The role of dead wood in maintaining arthropod diversity on the forest floor

This article is part of a larger document. View the larger document here.

  • Author(s): Hanula, James L.; Horn, Scott; Wade, Dale D.
  • Date: 2006
  • Source: Gen. Tech. Rep. SRS-93. Asheville, NC: U.S. Department of Agriculture, Forest Service, Southern Research Station. pp. 57-66
  • Station ID: --

Abstract

Dead wood is a major component of forests and contributes to overall diversity, primarily by supporting insects that feed directly on or in it. Further, a variety of organisms benefit by feeding on those insects. What is not well known is how or whether dead wood influences the composition of the arthropod community that is not solely dependent on it as a food resource, or whether woody debris influences prey available to generalist predators. One group likely to be affected by dead wood is ground-dwelling arthropods. We studied the effect of adding large dead wood to unburned and frequently burned pine stands to determine if dead wood was used more when the litter and understory plant community are removed. We also studied the effect of annual removal of dead wood from large (10-ha) plots over a 5-year period on ground-dwelling arthropods. In related studies, we examined the relationships among an endangered woodpecker that forages for prey on live trees, its prey, and dead wood in the forest. The results of these and other studies show that dead wood can influence the abundance and diversity of the ground-dwelling arthropod community and of prey available to generalist predators not foraging directly on dead trees.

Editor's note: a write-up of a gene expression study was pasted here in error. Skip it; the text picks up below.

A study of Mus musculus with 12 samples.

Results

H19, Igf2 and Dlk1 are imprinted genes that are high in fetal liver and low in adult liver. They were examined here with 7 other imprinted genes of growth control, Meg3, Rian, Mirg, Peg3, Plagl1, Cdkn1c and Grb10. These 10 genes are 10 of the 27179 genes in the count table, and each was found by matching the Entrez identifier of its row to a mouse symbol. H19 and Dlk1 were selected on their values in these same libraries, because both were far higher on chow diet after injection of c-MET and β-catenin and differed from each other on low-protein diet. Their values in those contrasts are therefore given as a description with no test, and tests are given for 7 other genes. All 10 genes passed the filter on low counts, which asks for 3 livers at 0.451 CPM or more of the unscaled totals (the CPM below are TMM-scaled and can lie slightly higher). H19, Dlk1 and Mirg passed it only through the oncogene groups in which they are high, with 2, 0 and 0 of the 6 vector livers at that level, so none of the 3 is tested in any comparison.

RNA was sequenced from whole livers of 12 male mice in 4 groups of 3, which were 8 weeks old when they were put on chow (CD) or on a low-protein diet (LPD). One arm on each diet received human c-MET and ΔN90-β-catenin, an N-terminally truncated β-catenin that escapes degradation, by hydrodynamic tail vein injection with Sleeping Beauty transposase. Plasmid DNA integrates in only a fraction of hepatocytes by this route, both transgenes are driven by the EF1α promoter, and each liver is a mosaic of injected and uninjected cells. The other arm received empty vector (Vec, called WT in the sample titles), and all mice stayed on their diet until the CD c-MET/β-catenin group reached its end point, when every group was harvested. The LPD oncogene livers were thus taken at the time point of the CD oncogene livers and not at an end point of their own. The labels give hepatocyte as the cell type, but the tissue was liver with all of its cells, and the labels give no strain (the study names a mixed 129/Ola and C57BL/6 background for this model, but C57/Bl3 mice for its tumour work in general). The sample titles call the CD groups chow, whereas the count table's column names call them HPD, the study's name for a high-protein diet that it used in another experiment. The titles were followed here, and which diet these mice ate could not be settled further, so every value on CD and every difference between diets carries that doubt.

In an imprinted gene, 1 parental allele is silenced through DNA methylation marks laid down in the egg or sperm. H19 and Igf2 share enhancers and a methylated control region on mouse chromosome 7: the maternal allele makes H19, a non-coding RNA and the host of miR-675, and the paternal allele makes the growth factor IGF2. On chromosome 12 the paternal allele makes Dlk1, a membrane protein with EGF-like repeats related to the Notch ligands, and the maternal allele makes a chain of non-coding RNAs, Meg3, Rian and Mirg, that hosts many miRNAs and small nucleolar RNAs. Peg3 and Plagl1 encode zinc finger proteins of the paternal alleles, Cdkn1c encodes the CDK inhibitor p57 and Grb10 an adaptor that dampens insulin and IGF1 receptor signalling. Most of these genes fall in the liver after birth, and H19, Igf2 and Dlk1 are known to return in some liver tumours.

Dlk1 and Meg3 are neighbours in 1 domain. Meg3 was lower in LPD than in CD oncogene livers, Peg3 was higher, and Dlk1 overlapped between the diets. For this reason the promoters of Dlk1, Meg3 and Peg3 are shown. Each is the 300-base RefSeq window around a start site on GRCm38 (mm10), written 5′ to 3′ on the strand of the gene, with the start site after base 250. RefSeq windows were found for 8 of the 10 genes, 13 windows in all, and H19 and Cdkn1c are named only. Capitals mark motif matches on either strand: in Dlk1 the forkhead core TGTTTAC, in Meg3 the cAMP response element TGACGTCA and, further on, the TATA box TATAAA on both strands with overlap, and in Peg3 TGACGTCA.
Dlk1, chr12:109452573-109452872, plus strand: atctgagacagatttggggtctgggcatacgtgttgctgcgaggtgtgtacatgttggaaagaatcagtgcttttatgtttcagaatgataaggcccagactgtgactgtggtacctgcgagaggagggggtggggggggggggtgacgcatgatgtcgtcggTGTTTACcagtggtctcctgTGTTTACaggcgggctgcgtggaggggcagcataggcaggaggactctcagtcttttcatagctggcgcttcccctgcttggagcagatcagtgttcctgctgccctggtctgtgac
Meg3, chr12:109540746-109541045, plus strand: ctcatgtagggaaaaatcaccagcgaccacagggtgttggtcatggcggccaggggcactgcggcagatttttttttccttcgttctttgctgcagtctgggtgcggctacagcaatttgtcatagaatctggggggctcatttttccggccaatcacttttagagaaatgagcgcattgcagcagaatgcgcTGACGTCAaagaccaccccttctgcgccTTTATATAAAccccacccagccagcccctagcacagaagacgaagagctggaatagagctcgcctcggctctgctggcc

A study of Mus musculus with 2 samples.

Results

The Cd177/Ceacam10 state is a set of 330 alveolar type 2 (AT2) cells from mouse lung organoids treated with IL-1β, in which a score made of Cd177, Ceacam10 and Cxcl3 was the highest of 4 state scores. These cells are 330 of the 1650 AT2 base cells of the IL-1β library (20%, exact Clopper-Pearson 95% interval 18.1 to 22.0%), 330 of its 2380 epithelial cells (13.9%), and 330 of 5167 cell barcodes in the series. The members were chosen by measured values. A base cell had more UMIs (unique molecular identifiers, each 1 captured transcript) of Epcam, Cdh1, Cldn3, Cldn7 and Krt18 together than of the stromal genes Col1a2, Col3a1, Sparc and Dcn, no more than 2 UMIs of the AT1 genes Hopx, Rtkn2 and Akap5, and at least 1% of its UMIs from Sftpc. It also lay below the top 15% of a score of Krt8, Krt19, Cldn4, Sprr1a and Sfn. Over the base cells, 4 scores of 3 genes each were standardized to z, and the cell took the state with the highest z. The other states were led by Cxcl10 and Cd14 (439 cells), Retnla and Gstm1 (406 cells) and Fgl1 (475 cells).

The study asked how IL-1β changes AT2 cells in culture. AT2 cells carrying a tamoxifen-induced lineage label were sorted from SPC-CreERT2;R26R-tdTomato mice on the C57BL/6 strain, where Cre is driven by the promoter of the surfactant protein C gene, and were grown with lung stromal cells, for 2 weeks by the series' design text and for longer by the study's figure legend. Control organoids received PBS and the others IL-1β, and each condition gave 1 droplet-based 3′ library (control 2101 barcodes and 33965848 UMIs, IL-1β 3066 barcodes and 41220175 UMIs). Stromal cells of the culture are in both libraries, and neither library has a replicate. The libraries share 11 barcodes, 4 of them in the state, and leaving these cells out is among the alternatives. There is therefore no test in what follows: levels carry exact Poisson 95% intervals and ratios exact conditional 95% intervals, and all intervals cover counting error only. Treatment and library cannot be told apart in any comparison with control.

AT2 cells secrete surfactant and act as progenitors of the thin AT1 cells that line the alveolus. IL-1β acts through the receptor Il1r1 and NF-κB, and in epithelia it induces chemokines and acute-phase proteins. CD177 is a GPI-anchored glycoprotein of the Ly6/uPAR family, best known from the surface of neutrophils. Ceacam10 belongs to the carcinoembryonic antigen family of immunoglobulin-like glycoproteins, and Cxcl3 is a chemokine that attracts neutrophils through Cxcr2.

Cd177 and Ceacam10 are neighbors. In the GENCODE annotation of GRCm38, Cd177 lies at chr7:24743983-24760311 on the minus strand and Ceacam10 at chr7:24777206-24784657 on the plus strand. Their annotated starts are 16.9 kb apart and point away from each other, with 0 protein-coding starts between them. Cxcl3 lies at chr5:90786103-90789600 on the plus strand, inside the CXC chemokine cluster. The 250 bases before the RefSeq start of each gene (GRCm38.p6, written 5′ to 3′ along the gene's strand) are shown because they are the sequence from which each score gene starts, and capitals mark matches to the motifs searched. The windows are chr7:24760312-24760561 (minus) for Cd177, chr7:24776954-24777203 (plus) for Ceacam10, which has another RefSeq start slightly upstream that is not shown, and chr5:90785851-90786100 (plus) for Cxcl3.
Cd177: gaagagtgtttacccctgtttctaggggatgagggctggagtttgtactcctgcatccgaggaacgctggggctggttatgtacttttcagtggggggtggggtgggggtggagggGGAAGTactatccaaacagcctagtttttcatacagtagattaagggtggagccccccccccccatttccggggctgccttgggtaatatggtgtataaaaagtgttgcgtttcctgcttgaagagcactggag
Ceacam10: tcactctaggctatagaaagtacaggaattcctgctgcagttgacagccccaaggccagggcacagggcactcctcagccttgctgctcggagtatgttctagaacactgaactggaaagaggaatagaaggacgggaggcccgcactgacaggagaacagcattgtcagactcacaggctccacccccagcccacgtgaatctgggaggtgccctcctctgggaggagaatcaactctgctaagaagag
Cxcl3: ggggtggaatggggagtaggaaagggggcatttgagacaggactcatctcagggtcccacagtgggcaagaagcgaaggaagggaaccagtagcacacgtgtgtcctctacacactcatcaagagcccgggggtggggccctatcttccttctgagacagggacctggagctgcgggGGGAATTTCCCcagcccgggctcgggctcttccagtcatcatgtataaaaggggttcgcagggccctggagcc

• Citation: . . The role of dead wood in maintaining arthropod diversity on the forest floor. Gen. Tech. Rep. SRS-93. Asheville, NC: U.S. Department of Agriculture, Forest Service, Southern Research Station. pp. 57-66.

Requesting Publications

You can order print copies of our publications through our publication ordering system. Make a note of the publication you wish to request, and visit our Publication Order Site.

Publication Notes

  • This article was written and prepared by U.S. Government employees on official time, and is therefore in the public domain.
  • Our on-line publications are scanned and captured using Adobe Acrobat. During the capture process some typographical errors may occur. Please contact the SRS webmaster if you notice any errors which make this publication unuseable.
  • To view this article, download the latest version of Adobe Acrobat Reader.